The Silent Spring

Here we are about to start summer and...mostly what we hear is crickets.

No doubt the pandemic-induced supply chain issues—coupled with a fire at a critical electronics plant in Japan—is causing problems. Add a container shortage and price increases with shipping (Nikon is currently airlifting all items from Thailand to the US), and it's easy to see that the camera companies are under a bit of pressure. It doesn't help that demand for cameras is increasing again above the pandemic year levels. 

We've already seen the results: fewer product intros, delayed product intros, lack of supply on key cameras in certain markets, limiting the area a product is sold to fewer regions, fewer items on sale, and the sales that do happen are often less aggressive than they've been in the past or only on previous generation gear. 

Something you might not have seen is that the Japanese camera news and information sites have taken to writing more about rumors than in the past. In a few cases I've even seen a full circle occur: Japanese site rumor picked up by US site rumor, re-picked up by Japanese sites. 

The camera industry economic engine is sputtering and needs a tune up. 

At the same time, we've got some really compelling mirrorless products on the market—when they're in stock—and that's only increasing even at the slower release pace we're currently in. The Canon R5/R6, Nikon Z6II/Z7II, and Sony A7C/A1 all are garnering plenty of attention and buyers at the moment. The Fujifilm GFX100S also can be said to be in that elite high-end group, though not at the same unit volume. 

Of course, how many of us buy US$2000+ cameras? Not as many as you think. The bulk of the unit volume in the market is still more in the US$1000 and under range, which means more entry-level cameras and cameras with compromises. This is causing the camera makers a further dilemma: if they only have X parts, they really want to use those first in the upper-end cameras that are selling out each month, and then the remainder in their lower-end models. But there's not enough of those parts to spread them around well, it seems.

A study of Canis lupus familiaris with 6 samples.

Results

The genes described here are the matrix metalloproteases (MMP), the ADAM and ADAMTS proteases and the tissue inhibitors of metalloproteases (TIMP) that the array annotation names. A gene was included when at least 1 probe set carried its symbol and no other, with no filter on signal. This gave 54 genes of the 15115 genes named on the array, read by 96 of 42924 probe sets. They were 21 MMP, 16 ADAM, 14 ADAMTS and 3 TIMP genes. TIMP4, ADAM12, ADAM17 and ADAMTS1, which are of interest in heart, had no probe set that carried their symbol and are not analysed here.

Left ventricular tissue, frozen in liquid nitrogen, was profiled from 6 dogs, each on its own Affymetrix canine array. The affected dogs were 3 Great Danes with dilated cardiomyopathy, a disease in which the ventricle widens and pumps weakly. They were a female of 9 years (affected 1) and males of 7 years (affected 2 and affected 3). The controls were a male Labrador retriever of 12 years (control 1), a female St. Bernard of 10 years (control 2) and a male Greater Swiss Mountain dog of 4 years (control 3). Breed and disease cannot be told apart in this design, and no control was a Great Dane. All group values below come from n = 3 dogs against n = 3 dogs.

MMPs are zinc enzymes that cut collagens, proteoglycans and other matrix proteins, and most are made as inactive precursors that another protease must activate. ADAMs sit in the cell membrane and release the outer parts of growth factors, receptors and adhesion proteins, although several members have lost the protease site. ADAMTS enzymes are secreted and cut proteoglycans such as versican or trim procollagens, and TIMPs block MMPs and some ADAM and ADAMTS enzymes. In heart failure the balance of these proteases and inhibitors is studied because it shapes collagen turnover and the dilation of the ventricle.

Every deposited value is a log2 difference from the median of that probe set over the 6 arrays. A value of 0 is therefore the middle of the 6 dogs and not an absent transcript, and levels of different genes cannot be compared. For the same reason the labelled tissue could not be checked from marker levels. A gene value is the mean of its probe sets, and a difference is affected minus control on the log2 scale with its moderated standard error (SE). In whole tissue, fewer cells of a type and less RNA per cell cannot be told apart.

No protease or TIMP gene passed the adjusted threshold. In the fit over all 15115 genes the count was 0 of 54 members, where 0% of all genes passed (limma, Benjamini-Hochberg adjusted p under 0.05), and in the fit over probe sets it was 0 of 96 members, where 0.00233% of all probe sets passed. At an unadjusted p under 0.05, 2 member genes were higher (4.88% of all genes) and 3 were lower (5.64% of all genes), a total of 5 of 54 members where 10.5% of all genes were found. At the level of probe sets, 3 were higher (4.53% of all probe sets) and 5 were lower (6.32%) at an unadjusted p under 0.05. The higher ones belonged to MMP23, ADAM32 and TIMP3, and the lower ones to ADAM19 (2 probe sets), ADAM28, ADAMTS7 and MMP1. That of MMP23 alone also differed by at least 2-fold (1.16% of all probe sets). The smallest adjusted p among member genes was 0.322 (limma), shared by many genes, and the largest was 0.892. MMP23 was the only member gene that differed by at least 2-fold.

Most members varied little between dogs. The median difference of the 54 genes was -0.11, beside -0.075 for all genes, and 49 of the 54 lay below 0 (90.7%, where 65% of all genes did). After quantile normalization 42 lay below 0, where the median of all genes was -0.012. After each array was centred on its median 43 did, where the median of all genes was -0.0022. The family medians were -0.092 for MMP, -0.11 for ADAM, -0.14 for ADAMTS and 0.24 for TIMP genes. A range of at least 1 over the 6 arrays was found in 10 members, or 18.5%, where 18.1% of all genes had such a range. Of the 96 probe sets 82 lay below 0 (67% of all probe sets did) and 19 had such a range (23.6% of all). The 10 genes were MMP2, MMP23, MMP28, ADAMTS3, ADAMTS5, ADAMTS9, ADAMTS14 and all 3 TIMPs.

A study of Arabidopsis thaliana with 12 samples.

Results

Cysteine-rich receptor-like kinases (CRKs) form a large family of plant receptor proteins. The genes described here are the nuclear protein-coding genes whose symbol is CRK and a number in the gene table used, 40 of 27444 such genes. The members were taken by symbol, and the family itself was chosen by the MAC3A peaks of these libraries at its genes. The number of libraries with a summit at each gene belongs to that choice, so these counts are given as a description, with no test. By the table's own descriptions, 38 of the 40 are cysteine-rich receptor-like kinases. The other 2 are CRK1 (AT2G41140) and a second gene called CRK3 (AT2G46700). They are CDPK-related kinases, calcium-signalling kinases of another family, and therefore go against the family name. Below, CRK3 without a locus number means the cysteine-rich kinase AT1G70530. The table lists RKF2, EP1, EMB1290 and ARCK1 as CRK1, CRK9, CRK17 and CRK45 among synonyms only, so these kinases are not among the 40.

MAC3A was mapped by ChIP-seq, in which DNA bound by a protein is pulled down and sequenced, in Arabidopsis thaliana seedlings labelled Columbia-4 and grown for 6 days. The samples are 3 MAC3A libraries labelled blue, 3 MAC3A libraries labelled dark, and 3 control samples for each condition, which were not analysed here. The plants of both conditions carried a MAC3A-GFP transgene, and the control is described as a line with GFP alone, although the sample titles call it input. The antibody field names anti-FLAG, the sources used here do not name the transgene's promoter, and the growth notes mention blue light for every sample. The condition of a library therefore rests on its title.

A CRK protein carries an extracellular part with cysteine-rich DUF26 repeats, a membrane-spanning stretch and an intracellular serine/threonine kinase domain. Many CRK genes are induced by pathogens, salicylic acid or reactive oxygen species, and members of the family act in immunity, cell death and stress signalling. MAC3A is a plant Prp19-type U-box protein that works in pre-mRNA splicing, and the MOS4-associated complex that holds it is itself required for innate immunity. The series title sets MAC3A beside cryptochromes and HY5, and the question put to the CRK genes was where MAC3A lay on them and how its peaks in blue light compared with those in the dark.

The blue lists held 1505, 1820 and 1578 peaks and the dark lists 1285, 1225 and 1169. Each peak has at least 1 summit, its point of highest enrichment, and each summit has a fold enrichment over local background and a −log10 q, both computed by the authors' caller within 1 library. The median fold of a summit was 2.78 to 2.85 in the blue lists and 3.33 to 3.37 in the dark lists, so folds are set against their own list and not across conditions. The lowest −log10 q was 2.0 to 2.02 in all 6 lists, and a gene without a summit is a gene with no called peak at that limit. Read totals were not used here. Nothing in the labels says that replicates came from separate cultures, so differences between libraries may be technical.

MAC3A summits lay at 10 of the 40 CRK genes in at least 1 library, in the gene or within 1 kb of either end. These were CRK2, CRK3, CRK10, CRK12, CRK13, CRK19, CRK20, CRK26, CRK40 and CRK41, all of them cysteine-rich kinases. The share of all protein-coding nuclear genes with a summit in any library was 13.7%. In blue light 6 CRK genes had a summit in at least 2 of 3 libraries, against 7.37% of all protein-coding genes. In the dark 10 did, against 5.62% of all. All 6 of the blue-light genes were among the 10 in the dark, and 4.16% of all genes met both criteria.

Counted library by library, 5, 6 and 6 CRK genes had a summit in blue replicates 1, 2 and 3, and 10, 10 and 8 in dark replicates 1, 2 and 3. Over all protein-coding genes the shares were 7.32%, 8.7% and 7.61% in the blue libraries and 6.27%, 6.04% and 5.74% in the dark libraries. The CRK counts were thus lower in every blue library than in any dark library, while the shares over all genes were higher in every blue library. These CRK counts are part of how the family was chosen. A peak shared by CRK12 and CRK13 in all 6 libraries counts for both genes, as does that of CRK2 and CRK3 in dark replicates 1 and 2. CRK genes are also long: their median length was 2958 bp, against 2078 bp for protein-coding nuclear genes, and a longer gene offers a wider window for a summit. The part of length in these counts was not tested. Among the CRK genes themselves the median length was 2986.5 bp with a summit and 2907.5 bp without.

This summer is a good time to make sure that you're using your current cameras at their full ability, and that you know what it is that you'd want in your next camera. A camera a few years old still makes compelling images if you're paying attention to details. It's also probably a good time to examine your workflow and make sure that you've got a solid and state-of-the-art post processing ability that will survive more pixels and more computing needs (though parts shortages are impacting computers and accessories, too). 

I'm expecting the late part of this year to be the point where things start to get back more on a normal pace: more new products, more lens introductions, products in stock, and come the holiday season: aggressive sales. Take a breather and spend the time between now and then to assess where you are, what you need, and what you'll do next.